Simplification now includes Photoshop

We bought a Wii this weekend.  Yes, I purchased 5 Wiimotes months before actually buying the machine they were designed for.  The Wii is a brilliantly simple device.  So much easier (and more fun) to use than the button-riddled controllers of its chief rivals, which explains why Wiis are still sold out at many retailers.

As the Wii has proven, a simple, usable design is the best design.  Most users of most technologies don’t need every possible feature.  And, increasingly, they are choosing to not pay a premium for them.  Other examples of this trend include netbooks (simple laptops that rely on cloud computing power — see Clive Thompson’s excellent article in Wired 17.03), the XO Laptop (the netbook for the One Laptop Per Child project), Apple’s iPhone (just a touch screen), the Siftables I posted about previously, and now desktop applications themselves.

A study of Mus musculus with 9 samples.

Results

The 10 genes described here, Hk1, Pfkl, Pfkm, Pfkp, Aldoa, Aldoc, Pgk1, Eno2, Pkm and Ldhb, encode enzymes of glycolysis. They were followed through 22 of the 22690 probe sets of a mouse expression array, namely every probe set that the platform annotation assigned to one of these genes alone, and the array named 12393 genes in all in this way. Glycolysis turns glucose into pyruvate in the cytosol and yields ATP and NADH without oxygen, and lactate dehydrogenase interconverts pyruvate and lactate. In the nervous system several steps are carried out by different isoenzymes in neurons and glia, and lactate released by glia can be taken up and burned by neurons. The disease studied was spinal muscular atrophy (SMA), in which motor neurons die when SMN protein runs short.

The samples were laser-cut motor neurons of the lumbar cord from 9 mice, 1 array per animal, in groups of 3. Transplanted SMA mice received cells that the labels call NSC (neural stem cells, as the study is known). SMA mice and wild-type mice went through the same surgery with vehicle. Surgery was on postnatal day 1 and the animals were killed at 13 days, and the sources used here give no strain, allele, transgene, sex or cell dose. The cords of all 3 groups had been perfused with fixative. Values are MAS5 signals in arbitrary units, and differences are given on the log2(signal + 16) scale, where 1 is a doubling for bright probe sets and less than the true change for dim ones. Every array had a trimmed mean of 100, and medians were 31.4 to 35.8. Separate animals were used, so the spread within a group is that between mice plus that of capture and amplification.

What gradient map would you choose for your new adjustment layer?

What gradient map would you choose for your new adjustment layer?

Photoshop used to be a big, expensive application that put a professional photography studio on your desktop.  Come to think of it, it still is.  But as features multiplied, it became harder and harder to use for simple operations.  (Should I adjust the CMYK or RBG levels in this mask layer to reduce red eye?)  Enter online photo editors.

cnet recently reviewed 15 of them and I was impressed.  All of the basic features I have turned to Photoshop for (waiting 3-4 minutes each time as it boots up) are available, even including layers, masking, and plenty of effects.  Most are free and work as simply as attaching a photo to your email message.  So, if I need a quick picture for a blog post or my Facebook page, I can turn to one of these sites in a pinch and get some editing done quickly and efficiently.  Simpler is better, and now simpler doesn’t have to be bad.